Homosexuality in animals is far from rare and homosexuality in humans is common. Yet, one is scientifically accepted and one is condemned, but both are naturally occurring. The world is changing its mindset, but can the animal kingdom shed some light on the origins of homosexuality?
Recently, there has been a huge amount of exposure and controversy around the world surrounding the LGBTQ+ community. Outrage has followed the exposure of the Chechnya ‘camps’, the comments made by the President of the USA, Donald Trump, regarding transgender individuals in the military drew a frenzied response, and the death of Scout Schultz, an LGBT activist in Georgia, was shocking.
These people have committed no crime, yet they find themselves victimised and marginalised by the public. Often, clashes between the LGBTQ+ community and the alt-right result in physical, violent altercations as they are labelled as ‘unnatural’ and ‘an insult to God’ but, is there any truth to that?
Within the human population, it is estimated that up to 10% of individuals are non-heterosexual. That estimate varies depending on your source but, regardless, that is roughly 750 million people in the world.
“It seems illogical to condemn homosexual orientation as ‘unnatural’ when hundreds of species naturally exhibit it” – Rt Revd Dr Alan Wilson
Alan Wilson is an ordained minister of the Church of England and has been the Bishop of Buckingham for nearly 15 years. He is also a highly-educated man having studied at both Cambridge and Oxford.
Bishop of Buckingham and author of More perfect union? Understanding same-sex marriage, Rt Revd Dr Alan Wilson said: “The Bible says nothing directly about this subject, its latest parts having been written almost 1800 years before the concept was first defined.”
Even a cursory glance at look at the animal kingdom will show that the condemnation of non-heterosexual individuals may be misplaced. Examples of homosexuality have been well known and well documented for decades, in hundreds of different species.
There is a book called Homosexual Behaviour in Animals: An Evolutionary Perspective, in which the author writes: “Within a select number of species, homosexual activity is widespread and occurs at levels that approach or sometimes even surpass heterosexual activity.” Even textbooks are telling us that homosexuality is everywhere.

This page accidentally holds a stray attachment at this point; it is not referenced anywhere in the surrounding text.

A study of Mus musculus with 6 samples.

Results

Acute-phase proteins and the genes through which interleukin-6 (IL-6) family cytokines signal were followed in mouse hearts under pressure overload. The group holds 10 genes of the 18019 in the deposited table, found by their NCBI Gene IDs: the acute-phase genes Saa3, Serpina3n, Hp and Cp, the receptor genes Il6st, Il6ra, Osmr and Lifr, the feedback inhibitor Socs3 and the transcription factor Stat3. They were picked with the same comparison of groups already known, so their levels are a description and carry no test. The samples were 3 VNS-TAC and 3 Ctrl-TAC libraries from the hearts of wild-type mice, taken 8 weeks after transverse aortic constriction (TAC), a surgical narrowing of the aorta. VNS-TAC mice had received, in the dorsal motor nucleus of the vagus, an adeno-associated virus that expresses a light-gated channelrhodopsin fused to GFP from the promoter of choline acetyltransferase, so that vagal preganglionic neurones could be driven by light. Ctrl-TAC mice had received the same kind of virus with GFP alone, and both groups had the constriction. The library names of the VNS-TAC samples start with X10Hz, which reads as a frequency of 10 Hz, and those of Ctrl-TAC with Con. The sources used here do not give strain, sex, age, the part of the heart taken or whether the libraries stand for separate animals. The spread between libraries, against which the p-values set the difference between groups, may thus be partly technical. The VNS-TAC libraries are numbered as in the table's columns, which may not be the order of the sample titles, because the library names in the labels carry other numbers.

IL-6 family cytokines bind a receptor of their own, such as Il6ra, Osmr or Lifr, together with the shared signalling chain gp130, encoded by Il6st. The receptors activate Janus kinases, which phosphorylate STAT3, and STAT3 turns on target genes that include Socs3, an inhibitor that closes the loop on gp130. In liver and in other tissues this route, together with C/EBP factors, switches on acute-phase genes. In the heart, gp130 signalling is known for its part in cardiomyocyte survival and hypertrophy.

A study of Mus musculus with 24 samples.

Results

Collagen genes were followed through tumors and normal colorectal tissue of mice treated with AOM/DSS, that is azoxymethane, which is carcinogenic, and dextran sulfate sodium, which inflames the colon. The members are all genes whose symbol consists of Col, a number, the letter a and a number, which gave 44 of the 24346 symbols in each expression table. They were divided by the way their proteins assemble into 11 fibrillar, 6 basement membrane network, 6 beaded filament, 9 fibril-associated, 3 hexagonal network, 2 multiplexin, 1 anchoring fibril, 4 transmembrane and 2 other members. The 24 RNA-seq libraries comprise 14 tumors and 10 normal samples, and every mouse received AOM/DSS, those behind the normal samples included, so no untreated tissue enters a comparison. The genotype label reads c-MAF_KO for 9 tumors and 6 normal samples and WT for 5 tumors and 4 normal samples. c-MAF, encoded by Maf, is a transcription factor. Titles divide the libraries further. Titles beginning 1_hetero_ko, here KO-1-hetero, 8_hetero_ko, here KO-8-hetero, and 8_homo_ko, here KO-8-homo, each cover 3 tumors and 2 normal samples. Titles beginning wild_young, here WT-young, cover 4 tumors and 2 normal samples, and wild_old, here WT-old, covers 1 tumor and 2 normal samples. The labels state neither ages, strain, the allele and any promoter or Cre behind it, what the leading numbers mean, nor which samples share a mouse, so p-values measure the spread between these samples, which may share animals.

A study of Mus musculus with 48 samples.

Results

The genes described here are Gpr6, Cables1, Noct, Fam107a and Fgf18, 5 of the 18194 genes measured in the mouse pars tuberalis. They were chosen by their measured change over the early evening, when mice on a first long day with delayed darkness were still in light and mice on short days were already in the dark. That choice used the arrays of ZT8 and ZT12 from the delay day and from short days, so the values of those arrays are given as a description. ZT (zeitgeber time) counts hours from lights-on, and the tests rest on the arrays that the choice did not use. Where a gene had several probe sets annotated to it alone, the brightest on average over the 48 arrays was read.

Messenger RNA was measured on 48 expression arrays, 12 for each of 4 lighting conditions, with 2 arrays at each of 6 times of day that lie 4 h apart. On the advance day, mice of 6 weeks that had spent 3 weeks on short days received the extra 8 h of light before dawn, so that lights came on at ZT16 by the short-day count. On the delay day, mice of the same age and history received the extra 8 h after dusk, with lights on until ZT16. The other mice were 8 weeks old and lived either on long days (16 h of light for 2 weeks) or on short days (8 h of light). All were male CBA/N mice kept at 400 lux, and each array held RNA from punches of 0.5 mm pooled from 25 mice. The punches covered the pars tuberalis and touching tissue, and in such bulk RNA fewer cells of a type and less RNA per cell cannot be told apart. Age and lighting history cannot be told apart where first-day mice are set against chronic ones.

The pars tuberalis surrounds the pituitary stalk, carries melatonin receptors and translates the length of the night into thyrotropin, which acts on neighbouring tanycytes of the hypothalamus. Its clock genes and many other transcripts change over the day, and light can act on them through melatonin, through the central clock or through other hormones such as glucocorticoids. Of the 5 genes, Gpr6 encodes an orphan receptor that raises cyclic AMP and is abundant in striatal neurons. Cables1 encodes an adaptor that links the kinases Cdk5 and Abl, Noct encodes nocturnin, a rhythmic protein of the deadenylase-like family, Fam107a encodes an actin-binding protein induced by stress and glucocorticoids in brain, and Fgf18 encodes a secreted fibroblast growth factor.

Examples include macaques, dwarf chimpanzees, dolphins and orcas. All exhibit some kind of homosexual tendencies. The reasons as to why homosexuality is common in many animal species are still up for debate.
When it comes to the ‘why’ academics tend to fall into one of two groups. One school of thought states that homosexual behaviours aid in successful reproduction as young adults ‘practice’ mating techniques etc.
The other theory is much simpler, animals have homosexual tendencies because, well because they jut are homosexual.
As inter-sex mating fails to improve the inheritance of heritable traits from one generation to the next, scientifically speaking, homosexuality doesn’t adhere to Darwin’s theory of natural selection.
As natural selection relies on sexual competition to ensure that the heritable traits most primed to improve the reproductive success of a population, it is hard to see the practical benefits for homosexuality in nature.
That is to say, through the scope of science, homosexuality doesn’t make much sense.
But does that mean it isn’t natural?
Well, it is widespread throughout different animals. Not only does it exist, it is common in both animals and humans.
“Various forms of sexual orientation and behaviour, including same-sex, can be found in hundreds of species. This rather implies it is not an acquired trait in humans alone,” Reverend Wilson adds.
Whilst there may be different views on homosexuality in both humans and animals, there must only be one view towards the treatment of these human beings.
“It seems illogical to condemn homosexual orientation as ‘unnatural’ when hundreds of species naturally exhibit it and however sexual differentiation and orientation are caused people would still, morally, be treated equally not discriminated against on the grounds of any protected characteristic named in the 2010 Equality Act,” concludes Mr Wilson.
To label people who identify as non-heterosexual as an abomination against nature is simply false. Through a variety of mechanisms and born from a range of situations, homosexuality permeates through the populations of thousands of species, and humans are just one on that lengthy list.
Do we know why homosexuality exists if it makes me scientific sense? No. Is it unnatural? Absolutely not.
The real question we should be asking is why is homosexuality such a problem for some people in this day and age? Science may never explain that mystery.